I’ve always loved bold hair colors.
But in my hometown, only “a certain type of girl” wore brightly colored hair. Little Black girls with single moms growing up in proximity to the hood didn’t have room to bring attention to themselves, let alone self-expression.
So many of the conversations that I had with loved ones, experiences I had with school dress code policies, and media images that happened in my youth reinforced a painful truth: Black girls couldn’t take risks. So, I didn't.
From grade school on through college, I believed that being basic and professional would save me from bad things. But my first pregnancy experience – where I was ignored and had to fight to get the care I deserved – was a jolting reminder that no amount of professionalism would change that I was a Black woman.
The event forced me to think back on all the years I’d spent avoiding things I wanted to do and who I wanted to be. And I lost it. I was a new mother and recent college graduate with no idea who I was. It was scary to reconstruct my identity from scratch with a new baby. So much of what made me, me felt lost in time. I challenged myself to imagine a version of me that felt authentic, not just looked good on paper.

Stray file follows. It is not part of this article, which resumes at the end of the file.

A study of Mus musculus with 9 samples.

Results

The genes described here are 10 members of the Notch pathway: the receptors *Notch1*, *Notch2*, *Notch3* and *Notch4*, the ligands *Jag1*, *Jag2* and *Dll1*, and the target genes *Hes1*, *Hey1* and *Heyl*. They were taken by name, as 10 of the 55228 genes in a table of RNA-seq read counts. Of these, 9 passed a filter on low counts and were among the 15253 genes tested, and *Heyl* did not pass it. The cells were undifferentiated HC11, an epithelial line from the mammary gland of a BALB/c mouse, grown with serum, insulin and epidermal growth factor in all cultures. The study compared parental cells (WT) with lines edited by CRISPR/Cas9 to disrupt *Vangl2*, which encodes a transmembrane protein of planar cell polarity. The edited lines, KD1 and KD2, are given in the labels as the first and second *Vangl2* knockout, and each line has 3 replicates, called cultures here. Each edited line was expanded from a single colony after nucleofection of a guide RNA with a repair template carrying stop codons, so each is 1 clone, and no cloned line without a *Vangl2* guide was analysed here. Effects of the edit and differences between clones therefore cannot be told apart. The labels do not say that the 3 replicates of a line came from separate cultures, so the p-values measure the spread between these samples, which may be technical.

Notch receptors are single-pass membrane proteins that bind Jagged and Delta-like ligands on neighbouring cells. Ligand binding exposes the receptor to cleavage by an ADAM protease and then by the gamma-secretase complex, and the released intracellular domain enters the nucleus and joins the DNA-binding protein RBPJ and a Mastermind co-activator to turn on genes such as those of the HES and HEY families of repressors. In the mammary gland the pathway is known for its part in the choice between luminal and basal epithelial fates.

It took years – and a lot of reading – but I remembered that I’d always loved boldly colored hair. And then, I had to look back at all the things that I’d given up because they didn’t fit the image for a little girl who wanted to leave the hood. The pandemic and following quarantine meant I had lots of free time to think and do something crazy. At first, I was going to do another big chop. But when I started seeing sale ads for hair dye wax, I wasted no time buying the rainbow assortment.
I was going to get my colored hair, and my unsuspecting husband and son would too. One messy application later, my hair was pink, my husband’s was green, and my son had a purple streak. But I knew I wouldn’t be happy until I could try the green for myself.
Seeing my reflection in the mirror with green hair felt spiritual. I’d come full circle to the bold colors I longed for in childhood. But now, I had an entire family to join in the process.
I knew that my childhood self, who was carrying all sorts of hair trauma, never would have imagined that she’d be able to love herself with her 4b hair on full display, vibrant and green. It means the world to me that my son and daughter will grow up having seen their mother with green hair. It fits in perfectly with the messages of self-love and freedom of expression that we’re trying to teach them.
It has reminded me that if I want to raise healthy children, I have to have a healthy self.
For me, that looks like establishing #freeblackmotherhood – a form of mothering that consistently prioritizes self-love and authentic expression in all things and asks us to imagine a world where Black women are free to feel – as the standard.
Coloring my hair during quarantine turned out to be the latest toward many steps of being my real self. Who woulda thunk that green hair could be a gateway to freedom?!